Burglary Deterrent Mimics Human Surveillance
Few schools can afford to hire security personnel for campus surveillance around the clock. But a new burglary deterrent product from Cross Point Industries is designed to make facilities appear to be staffed. The product, Ground Observing Reconnaissance Transmitter (GORT), is an automated system for outdoor use that detects activity, turns on a light and rotate the light to follow "intruders," giving the impression that a human operator is behind the controls watching and recording them.
The GORT unit includes a 500-watt halogen lamp, a CCTV camera mount, and connections for 12vdc camera power and video signal. It can detect and respond to movement within its area of coverage, and it supports CCTV cameras that are widely used in outdoor environments. When the unit detect movement, it shines a light in the direction of the target and follows that target as it moves around on the property.
Cross Point also offers wireless sensors that extend the reach of the GORT unit so it can detect and track activity up to 1,000 feet beyond a property's boundary. "When activated, the light will oscillate left and right and then back to the target to remind individuals that they have been detected and are being watched," according to the manufacturer. he company said the unit is designed for a wide variety of applications, including schools, residences and storage facilities.
It can also be wirelessly integrated with a Voice Alert receiver, which can deliver an audible announcement to security personnel.
GORT will debut later this month at the ISC West conference in Las Vegas, which is being held March 28 through 30. It's expected to be available for less than $2,500, including Voice Alert sensors.
A South Oklahoma City school has been broken into at least 12 times in the last year, three times since Christmas break, with thousands of dollars worth of computer equipment being stolen.
More than $24,000 of equipment stolen this week hadn't even been used by students.
"We've had so many break-ins over the last year, I really can't remember [how many]," said Coolidge Elementary School Principal Sue Greenfield. "They [thieves] know what they are after."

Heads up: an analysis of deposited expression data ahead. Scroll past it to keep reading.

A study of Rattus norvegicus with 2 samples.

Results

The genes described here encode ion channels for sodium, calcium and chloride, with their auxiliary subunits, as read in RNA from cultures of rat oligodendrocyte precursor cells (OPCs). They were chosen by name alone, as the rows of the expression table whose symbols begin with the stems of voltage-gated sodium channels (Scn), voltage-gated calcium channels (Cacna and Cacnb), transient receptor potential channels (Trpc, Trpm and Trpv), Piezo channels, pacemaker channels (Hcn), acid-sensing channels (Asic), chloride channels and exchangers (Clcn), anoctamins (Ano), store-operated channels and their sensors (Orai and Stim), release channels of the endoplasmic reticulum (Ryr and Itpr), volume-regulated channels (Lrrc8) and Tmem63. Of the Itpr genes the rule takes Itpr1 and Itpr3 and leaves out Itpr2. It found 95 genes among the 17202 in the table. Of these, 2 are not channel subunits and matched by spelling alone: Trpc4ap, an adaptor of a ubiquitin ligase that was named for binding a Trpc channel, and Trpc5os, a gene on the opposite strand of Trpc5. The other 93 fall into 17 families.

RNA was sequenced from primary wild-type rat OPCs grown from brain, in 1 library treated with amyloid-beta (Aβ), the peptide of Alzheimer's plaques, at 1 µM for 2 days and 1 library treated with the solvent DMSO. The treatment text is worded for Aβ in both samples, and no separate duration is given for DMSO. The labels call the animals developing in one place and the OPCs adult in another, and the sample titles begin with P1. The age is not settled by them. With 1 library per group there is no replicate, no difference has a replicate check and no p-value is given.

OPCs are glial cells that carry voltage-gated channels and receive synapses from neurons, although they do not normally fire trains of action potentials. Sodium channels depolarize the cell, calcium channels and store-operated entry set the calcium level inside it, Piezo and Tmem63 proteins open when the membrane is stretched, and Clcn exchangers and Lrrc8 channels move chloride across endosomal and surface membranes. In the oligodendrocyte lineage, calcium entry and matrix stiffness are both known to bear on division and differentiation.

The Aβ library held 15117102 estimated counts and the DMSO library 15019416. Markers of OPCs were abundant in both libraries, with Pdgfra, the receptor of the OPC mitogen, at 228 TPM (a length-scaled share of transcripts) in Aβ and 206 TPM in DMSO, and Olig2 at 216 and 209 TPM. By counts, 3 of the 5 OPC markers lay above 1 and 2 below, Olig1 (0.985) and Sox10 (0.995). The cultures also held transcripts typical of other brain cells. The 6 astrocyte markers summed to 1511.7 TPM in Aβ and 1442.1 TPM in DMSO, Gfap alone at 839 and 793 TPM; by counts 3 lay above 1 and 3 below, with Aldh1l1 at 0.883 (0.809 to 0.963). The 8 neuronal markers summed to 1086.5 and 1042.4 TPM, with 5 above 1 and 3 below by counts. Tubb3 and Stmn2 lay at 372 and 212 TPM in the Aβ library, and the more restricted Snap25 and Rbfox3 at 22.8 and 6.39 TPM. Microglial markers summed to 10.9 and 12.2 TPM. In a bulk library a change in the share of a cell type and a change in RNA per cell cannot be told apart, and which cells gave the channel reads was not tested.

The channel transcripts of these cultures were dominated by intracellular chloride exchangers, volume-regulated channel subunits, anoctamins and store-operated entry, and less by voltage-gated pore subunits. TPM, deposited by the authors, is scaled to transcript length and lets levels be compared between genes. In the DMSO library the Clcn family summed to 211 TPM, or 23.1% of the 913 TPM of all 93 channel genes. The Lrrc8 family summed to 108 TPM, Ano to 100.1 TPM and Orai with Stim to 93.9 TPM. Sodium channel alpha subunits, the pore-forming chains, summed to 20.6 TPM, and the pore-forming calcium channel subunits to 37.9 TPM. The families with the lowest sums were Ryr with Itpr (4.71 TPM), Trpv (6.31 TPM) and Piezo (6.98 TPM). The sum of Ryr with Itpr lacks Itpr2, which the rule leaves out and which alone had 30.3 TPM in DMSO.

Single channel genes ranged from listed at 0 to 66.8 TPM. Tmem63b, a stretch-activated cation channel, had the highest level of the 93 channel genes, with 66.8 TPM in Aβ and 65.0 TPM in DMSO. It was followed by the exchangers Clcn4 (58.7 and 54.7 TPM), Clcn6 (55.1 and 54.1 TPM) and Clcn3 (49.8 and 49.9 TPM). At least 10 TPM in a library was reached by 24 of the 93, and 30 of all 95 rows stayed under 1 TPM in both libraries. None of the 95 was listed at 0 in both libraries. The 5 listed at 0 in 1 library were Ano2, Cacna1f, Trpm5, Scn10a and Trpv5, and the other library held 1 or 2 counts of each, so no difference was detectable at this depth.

Most of the items stolen over the past year were bought with MAPS for Kids technology money. Added to other property and equipment losses since January 2006, thefts have cost the school nearly $43,000.
While students and teachers were enjoying their Christmas break, burglars broke into the school three times. This week thieves pried open locked doors and broke windows to access the school's media center and administrative offices. That's where they stole laptop computers and flat screen monitors.
Coolidge isn't the only school that's been targeted, said Oklahoma City police Sgt. Gary Knight. Others recently burglarized include U.S. Grant High School, Arthur Elementary, and Van Buren Elementary, Greenfield said.
Greenfield said schools are attractive to thieves because they usually have the latest technology and learning tools for students.
According to police records, more crimes have been reported in the area surrounding Coolidge than nearly any other Oklahoma City elementary school. Between December 2004 and November 2005, more than 500 crimes were reported within a three-quarter mile radius of Coolidge, including one homicide, 214 assaults and 114 burglaries.
Oklahoma City Ward 4 Councilman Pete White, who represents the ward that includes Coolidge, said the area is not dangerous in general.
"If you'd drive through there you wouldn't feel unsafe. We don't think the burglary situation is widespread all over the neighborhood," White said.
Several parents and residents who live near the school were contacted for this story but declined to comment, citing fear of retaliation.
Officials Thursday and Friday were reviewing surveillance tapes to try to identify the thieves. Earlier in the year, the security tapes were stolen in another break-in.
Oklahoma City Schools' spokesman Cordell Jordan declined to give details on the school's security measures, citing safety reasons, but said the school's alarm system was functioning during the break-ins.
Many Coolidge students come from economically challenged families, with more than 90 percent qualifying for free- or reduced-price lunches. Nestled within a working-class south Oklahoma City neighborhood, the aging school is surrounded by homes valued mostly at $75,000 or less.
Most school windows have a thick metal grate or screen covering them. There is graffiti in the neighborhood and on the school's trash containers.
Voters five years ago passed the one-cent MAPS for Kids sales tax to improve Oklahoma City schools like Coolidge, which was built in the early 1950s. In addition to building updates, the initiative also has paid for buses and technology improvements.
Jordan said most of the equipment stolen from the school was bought with MAPS for Kids funds. Though the thefts were costly, they won't come close to meeting the district's property insurance deductible, which exceeds $500,000. That means district funds will have to be used to buy any replacements.
"It affects [students] very severely because a lot of these children don't have access to computers at home," Greenfield said. "When these items get stolen, a lot of these kids just have to do without."